If it detects there's something amiss with the driver's health, the car can give a warning or even make an emergency phone call. Picture: SUPPLIED
If it detects there's something amiss with the driver's health, the car can give a warning or even make an emergency phone call. Picture: SUPPLIED

Volvo is looking to fit optional cameras in its cars that can monitor the health of drivers while they are behind the wheel, and ideally predict health emergencies before they happen.

The cameras are able to monitor biometrics — for instance checking a driver’s glucose levels via pupil scans; and the car could warn the driver or automatically phone a family member or the hospital if the cameras detect a health problem.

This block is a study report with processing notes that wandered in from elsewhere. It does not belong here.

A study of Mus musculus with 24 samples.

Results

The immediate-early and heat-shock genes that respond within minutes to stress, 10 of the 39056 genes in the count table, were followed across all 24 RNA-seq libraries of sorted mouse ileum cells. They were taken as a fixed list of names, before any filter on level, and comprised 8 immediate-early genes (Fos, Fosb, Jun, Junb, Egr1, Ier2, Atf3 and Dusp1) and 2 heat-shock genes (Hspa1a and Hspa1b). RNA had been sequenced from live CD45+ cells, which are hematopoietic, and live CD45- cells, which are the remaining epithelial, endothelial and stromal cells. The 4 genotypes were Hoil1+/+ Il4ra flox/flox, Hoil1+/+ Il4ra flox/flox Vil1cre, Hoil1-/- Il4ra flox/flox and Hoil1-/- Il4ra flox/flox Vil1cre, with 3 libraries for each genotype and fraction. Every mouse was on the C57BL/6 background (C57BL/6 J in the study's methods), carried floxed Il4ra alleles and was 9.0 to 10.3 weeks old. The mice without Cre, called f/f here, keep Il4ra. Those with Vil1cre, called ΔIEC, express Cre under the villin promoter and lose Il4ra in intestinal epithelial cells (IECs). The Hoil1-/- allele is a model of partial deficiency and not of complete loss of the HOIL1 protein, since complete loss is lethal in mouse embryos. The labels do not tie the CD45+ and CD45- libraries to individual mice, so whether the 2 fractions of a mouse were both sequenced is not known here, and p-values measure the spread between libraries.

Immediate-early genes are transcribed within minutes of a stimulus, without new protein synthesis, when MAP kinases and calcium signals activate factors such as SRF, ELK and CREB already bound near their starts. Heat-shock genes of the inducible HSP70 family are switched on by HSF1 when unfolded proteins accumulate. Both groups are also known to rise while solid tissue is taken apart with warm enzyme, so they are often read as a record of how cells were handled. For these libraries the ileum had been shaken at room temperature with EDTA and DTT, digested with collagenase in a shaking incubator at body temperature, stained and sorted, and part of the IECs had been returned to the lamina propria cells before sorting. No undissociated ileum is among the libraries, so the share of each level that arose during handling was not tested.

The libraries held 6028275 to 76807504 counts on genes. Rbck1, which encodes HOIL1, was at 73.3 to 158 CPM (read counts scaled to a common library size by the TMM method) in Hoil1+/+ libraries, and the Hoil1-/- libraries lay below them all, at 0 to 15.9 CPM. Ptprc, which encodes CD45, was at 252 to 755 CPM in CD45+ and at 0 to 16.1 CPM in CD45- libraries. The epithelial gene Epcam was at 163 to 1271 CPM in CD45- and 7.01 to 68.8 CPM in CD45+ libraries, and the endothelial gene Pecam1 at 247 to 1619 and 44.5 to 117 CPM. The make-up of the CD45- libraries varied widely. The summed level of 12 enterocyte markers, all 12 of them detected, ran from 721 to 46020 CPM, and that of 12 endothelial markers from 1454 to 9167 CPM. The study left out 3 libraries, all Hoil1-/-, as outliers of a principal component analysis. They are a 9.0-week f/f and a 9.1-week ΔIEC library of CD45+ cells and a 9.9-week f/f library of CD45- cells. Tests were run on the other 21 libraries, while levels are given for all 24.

The high-tech cameras can also detect stress levels and work with the vehicle to switch on various settings for drivers to relax them as they drive. The next-level technology follows on from the drowsiness monitors that are already in use by several car brands, including Volvo.

The Swedish carmaker says in-cameras will open up a raft of new technology benefits, though it recognises consumer fears over privacy. Atif Rafiq, Volvo’s chief digital officer, says the Volvo in-car cameras will be offered only as optional fitment as from 2020.

Volvo says it has been testing the in-car cameras since 2017 as part of its autonomous-car research. As self-driving technology gets ever better, the cameras could in future be used to operate video conferencing for passengers, or identify drivers and automatically set their favoured climate control settings and preferred radio station.